John Burnside has come enviably far for someone who published his first book of poems by accident. ‘It was partly my fault and partly misunderstanding,’ he admits, still cringing somewhat at the memory. ‘I gave a script to my publisher as a working basis for something I might do. I’m not sure what happened but the publisher brought it out – and I thought, oh no!’ The mistake doesn’t seem to have done him any harm though. He’s been garnering awards and accolades ever since, winning the prestigious TS Eliot prize in 2012 for his latest poetry collection ‘Black Cat Bone’.
'We don't go round chanting about freedom'
John is generous with and genuine in his praise for other poets, and refreshingly for a British writer this admiration reaches beyond the anglo-saxon world. ‘I’m full of wonder and awe at French poetry!’ he exclaims. ‘I’ve no idea what they’re trying to do – it’s totally abstract, not rooted in the real world at all. But I learn something from reading it and especially from meeting French poets. I’ve met French poets whose work I’ve read on paper and sort of thought,’ he puts on an incredulous voice, ‘”what are they doing?” When I’ve met that person, I’ve realised they’re trying to do something similar to me, it’s just a different convention. In British poetry in particular, anything abstract is a big no-no. I can understand why – it’s part of the anglo-saxon temperament to be suspicious of that kind of thing. We don’t go round chanting about freedom or love or anything like that.’ He takes a sip of beer before continuing. ‘In contrast, Spanish people can talk about the soul. I’ve tried to translate Spanish poems and there are things where you think, well I can’t do that, because in English ‘my soul rises to meet…’ sounds awful! I mean, I try to mention soul in my works, but I have to work hard to get away with it. Whereas in Spanish poetry it just comes rolling off the tongue.’
While John’s made it clear in various articles that he’s cautious about the politicisation of poetry, he’s also talked of poetry’s ‘public role’. While this isn’t quite the contradiction it first appears, he admits that it’s a difficult line to walk. ‘The trouble with poetry that becomes polemical is that it often loses some of its weight as poetry. Trying to make the most beautiful poetry you can usually involves certain kinds of subtlety, which can rule out certain political statements. You can say, well, actually I want poetry to say something,’ he pauses, ‘something more. I think it is possible to bring these two things together. I’m not sure I’ve done it, but I think it’s possible.’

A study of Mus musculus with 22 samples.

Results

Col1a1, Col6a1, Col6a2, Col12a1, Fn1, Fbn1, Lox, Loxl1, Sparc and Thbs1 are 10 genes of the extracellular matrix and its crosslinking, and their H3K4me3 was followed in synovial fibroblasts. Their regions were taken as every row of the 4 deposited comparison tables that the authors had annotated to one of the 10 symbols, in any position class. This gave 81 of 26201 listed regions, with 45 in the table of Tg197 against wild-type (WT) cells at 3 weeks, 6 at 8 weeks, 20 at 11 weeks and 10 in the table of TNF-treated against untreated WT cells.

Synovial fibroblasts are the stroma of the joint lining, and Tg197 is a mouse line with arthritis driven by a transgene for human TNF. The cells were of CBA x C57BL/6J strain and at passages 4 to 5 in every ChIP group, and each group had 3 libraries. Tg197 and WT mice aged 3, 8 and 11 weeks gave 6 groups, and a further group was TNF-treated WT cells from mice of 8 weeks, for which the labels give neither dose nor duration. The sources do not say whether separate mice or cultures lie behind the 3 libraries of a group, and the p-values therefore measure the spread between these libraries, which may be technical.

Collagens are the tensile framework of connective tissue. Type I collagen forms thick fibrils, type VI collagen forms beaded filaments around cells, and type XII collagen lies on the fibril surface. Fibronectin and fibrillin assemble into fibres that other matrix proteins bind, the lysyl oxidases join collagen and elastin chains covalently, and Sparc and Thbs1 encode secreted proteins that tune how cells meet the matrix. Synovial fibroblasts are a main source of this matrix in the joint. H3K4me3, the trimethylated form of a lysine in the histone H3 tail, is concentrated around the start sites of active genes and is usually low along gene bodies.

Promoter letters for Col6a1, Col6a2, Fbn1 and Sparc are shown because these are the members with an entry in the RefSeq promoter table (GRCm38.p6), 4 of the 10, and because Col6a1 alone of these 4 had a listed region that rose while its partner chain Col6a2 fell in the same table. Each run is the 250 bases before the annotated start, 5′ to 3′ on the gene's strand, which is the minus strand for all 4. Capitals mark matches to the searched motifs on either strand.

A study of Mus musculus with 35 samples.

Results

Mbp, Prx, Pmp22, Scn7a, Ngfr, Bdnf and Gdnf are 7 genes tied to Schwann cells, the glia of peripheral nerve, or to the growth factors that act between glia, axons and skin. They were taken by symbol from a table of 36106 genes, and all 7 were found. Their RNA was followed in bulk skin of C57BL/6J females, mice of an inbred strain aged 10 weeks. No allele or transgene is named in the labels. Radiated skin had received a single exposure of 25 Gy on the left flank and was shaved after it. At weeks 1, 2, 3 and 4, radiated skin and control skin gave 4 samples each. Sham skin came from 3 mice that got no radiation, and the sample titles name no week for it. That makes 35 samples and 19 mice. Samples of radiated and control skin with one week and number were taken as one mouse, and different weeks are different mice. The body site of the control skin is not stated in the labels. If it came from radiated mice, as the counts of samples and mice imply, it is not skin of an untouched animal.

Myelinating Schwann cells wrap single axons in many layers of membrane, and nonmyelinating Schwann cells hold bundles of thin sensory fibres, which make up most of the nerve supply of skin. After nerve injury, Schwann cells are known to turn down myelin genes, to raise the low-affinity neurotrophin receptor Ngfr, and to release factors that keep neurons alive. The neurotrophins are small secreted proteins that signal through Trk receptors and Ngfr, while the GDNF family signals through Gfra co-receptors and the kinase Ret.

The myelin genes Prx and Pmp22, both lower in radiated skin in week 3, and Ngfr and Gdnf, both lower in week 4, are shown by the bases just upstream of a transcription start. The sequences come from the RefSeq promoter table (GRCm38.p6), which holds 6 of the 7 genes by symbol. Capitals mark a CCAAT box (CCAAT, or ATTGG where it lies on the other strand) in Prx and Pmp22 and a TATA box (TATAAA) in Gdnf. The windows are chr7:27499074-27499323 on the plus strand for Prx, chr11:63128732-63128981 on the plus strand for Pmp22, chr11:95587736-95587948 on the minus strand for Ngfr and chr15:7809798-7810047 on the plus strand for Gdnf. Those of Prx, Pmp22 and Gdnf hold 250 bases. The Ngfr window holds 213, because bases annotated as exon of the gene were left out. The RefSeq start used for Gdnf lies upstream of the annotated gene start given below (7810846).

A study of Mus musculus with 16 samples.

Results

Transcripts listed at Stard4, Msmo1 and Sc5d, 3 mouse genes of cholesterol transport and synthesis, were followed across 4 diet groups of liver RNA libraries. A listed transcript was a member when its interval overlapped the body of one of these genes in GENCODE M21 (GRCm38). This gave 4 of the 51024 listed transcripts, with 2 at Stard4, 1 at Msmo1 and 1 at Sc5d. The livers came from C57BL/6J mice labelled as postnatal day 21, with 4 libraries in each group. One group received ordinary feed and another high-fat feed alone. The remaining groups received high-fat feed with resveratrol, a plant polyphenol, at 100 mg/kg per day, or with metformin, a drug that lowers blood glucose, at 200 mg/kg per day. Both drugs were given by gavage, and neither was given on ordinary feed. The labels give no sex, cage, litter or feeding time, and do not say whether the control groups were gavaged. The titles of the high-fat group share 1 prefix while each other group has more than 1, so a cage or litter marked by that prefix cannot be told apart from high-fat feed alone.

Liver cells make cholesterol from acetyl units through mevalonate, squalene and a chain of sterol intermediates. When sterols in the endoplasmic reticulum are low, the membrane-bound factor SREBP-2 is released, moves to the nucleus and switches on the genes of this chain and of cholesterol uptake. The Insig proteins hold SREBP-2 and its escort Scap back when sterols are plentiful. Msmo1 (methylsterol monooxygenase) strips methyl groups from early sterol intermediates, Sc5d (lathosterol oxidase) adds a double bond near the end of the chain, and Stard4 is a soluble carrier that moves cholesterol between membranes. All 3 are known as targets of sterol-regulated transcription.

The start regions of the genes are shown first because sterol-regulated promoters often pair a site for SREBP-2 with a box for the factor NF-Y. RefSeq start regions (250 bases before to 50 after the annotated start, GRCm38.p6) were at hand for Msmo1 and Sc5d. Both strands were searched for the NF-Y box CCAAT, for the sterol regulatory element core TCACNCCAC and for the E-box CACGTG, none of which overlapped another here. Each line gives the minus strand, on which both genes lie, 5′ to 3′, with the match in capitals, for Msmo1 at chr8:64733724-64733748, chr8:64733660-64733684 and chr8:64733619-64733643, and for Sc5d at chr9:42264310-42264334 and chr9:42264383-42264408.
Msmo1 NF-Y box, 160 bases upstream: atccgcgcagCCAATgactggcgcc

Sitting in front of tractors
The crux of the matter, it seems, is subtlety. ‘I think that the kind of poetry that says, oh isn’t war terrible – well, we all know that! Most people think that war’s terrible. But to convey certain, subtle qualities of response to situations, for example celebration of the natural world say, is hopefully a fair contribution. Going further than that, I think any use of language to try and investigate the world in a way which is subtle and rich and to arouse the complexity of things is already political. The powers that be want to make our language as simple as possible because language for them is persuasion and corruption and selling us ideas. So anything that insists on complexity of language, and subtlety of observation and attention to small detail is already political. So in a sense all poetry is political. A poem that makes you think again about this table makes you live in the moment. It already makes a small political gesture against the ways in which the powers that be, the system, whatever you call it, tries to make us live in a different time frame.
Slightly wistfully, he adds with a smile, ‘What I can’t do of course, and I’d love to do it, I’ve tried doing it, is the kind of poem where people say “Yeah, I’m going to do something about that! I’m not just going to write a letter to my MP, I’m going to go and sit down in front of a tractor.” I haven’t written that poem. I don’t know if anyone has.’